Jennifer Lopez and Amanda Peet are Hollywood A-listers who favor vaccinations for children. But do they know that vaccines aren’t just for babies and back-to-schoolers?
They should take the Centers for Disease Control and Prevention quiz (Google: “adolescent and adult vaccine quiz”) to find out what they might need – and so should you! Adult vaccines and boosters protect you, your family and your neighbors from a variety of contagious diseases. Here are our recommendations:
Measles, Mumps, Rubella (MMR): Born before 1957? You’re considered immune to the trio. Born in 1957 or later? You should have documentation of vaccination. If you don’t have it, get protection. During the first five months of 2011, 45 percent of U.S. measles cases were in adults 20 and older.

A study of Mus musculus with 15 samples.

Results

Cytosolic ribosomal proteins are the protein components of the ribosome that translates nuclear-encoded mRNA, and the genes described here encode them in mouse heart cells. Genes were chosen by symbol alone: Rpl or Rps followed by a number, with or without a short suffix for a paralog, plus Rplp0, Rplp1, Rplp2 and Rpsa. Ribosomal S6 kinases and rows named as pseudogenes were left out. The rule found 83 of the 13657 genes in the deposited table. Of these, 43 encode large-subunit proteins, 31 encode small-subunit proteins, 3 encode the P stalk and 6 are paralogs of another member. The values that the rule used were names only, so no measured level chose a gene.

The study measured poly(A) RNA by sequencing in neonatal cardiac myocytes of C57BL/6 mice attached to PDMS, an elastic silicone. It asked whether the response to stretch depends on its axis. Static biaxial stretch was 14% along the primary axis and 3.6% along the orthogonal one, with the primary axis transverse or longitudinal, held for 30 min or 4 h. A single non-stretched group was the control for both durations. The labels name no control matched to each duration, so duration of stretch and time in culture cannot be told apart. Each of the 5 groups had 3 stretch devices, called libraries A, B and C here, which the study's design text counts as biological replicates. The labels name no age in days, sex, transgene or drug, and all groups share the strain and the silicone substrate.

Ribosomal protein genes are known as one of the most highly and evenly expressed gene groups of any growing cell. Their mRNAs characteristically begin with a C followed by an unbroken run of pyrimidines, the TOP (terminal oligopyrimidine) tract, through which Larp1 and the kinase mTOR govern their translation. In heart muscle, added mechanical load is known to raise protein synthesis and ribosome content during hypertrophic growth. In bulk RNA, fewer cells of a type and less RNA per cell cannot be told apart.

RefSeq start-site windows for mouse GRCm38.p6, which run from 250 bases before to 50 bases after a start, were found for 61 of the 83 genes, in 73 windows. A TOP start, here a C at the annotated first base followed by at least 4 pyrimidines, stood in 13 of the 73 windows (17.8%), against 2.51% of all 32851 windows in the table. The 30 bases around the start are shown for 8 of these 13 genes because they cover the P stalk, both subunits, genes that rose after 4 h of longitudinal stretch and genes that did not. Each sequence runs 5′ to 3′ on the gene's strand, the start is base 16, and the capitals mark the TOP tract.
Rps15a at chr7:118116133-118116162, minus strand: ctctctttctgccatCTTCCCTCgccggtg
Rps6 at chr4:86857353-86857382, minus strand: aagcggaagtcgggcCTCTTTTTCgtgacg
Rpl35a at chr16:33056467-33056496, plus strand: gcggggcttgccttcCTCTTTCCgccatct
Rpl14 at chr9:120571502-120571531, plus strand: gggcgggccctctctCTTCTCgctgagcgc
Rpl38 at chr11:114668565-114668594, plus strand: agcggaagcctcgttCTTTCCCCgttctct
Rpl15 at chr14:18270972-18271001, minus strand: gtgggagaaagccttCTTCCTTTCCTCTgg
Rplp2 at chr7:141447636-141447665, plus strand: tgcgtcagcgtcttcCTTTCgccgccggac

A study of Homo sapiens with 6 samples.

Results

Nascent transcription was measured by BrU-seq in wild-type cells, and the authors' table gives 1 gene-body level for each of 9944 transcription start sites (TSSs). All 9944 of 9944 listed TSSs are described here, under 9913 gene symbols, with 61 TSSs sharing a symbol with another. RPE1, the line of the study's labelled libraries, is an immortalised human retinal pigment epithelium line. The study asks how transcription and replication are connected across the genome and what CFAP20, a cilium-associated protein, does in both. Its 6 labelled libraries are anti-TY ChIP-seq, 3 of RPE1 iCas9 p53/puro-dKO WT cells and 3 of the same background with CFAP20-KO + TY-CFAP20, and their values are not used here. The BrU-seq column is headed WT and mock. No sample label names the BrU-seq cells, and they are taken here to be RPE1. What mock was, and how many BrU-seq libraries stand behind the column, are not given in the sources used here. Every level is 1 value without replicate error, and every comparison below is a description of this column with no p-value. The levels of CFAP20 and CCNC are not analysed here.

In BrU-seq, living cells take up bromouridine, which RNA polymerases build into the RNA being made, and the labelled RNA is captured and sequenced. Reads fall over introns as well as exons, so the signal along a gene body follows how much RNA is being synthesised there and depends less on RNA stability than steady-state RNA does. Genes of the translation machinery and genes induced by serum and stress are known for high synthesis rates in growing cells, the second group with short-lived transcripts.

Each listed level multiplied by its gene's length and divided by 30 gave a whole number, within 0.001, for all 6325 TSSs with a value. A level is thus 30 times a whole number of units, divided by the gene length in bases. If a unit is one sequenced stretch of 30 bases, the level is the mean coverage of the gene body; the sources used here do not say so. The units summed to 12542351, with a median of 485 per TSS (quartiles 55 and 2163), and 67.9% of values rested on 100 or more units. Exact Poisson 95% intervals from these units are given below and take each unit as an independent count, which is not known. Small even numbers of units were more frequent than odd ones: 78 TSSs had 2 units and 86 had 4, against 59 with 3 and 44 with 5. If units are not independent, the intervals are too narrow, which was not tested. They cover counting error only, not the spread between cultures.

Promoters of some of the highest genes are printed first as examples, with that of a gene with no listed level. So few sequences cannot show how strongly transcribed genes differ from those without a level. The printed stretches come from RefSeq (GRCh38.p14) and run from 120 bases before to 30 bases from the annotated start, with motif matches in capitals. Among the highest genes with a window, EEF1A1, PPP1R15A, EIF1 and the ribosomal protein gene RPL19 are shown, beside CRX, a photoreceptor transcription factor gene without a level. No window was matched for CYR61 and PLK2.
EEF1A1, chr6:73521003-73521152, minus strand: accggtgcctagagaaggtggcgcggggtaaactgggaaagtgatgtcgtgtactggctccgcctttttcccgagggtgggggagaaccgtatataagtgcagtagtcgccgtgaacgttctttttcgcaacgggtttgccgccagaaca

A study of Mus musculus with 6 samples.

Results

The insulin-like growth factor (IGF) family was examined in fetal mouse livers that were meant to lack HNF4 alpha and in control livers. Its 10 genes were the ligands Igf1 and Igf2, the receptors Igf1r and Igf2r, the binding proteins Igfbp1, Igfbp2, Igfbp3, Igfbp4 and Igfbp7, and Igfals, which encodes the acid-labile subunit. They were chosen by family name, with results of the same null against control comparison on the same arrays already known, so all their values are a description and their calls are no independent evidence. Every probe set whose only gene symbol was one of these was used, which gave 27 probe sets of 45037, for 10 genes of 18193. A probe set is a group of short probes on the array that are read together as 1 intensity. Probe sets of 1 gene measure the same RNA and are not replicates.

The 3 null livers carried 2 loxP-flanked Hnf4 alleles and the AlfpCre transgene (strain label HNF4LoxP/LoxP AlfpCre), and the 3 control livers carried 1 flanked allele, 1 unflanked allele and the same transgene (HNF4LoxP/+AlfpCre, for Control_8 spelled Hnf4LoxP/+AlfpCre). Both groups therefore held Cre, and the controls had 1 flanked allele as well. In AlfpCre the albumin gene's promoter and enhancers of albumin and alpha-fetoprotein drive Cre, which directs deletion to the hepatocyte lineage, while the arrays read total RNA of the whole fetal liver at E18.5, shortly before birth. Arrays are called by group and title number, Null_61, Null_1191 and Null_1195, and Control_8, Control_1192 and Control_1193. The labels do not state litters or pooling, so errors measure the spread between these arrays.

Tetanus, diphtheria and pertussis (Tdap): It’s for any adult who hasn’t had the Tdap vaccine, and all pregnant women. Had your Tdap? Ask about a booster; the pertussis (whooping cough) vaccine loses effectiveness over time. Get a booster vaccine for tetanus and diphtheria every 10 years following the Tdap vaccine.
Pneumococcal disease (pneumonia): For adults 65-plus and folks with specific health conditions, there are two forms of this vaccine; you and your doc should talk about getting each one in alternate years.
Shingles: “For anyone 60 or older” is the official recommendation. But we think 50 makes much more sense, based on available data.
Varicella (chickenpox): Born in the U.S. before 1980? You’re assumed to be immune. Otherwise, those age 13 or up who haven’t had chickenpox or the vaccine get two doses, at least 28 days apart.
© 2015 Michael Roizen, M.D. and Mehmet Oz, M.D.
Distributed by King Features Syndicate, Inc.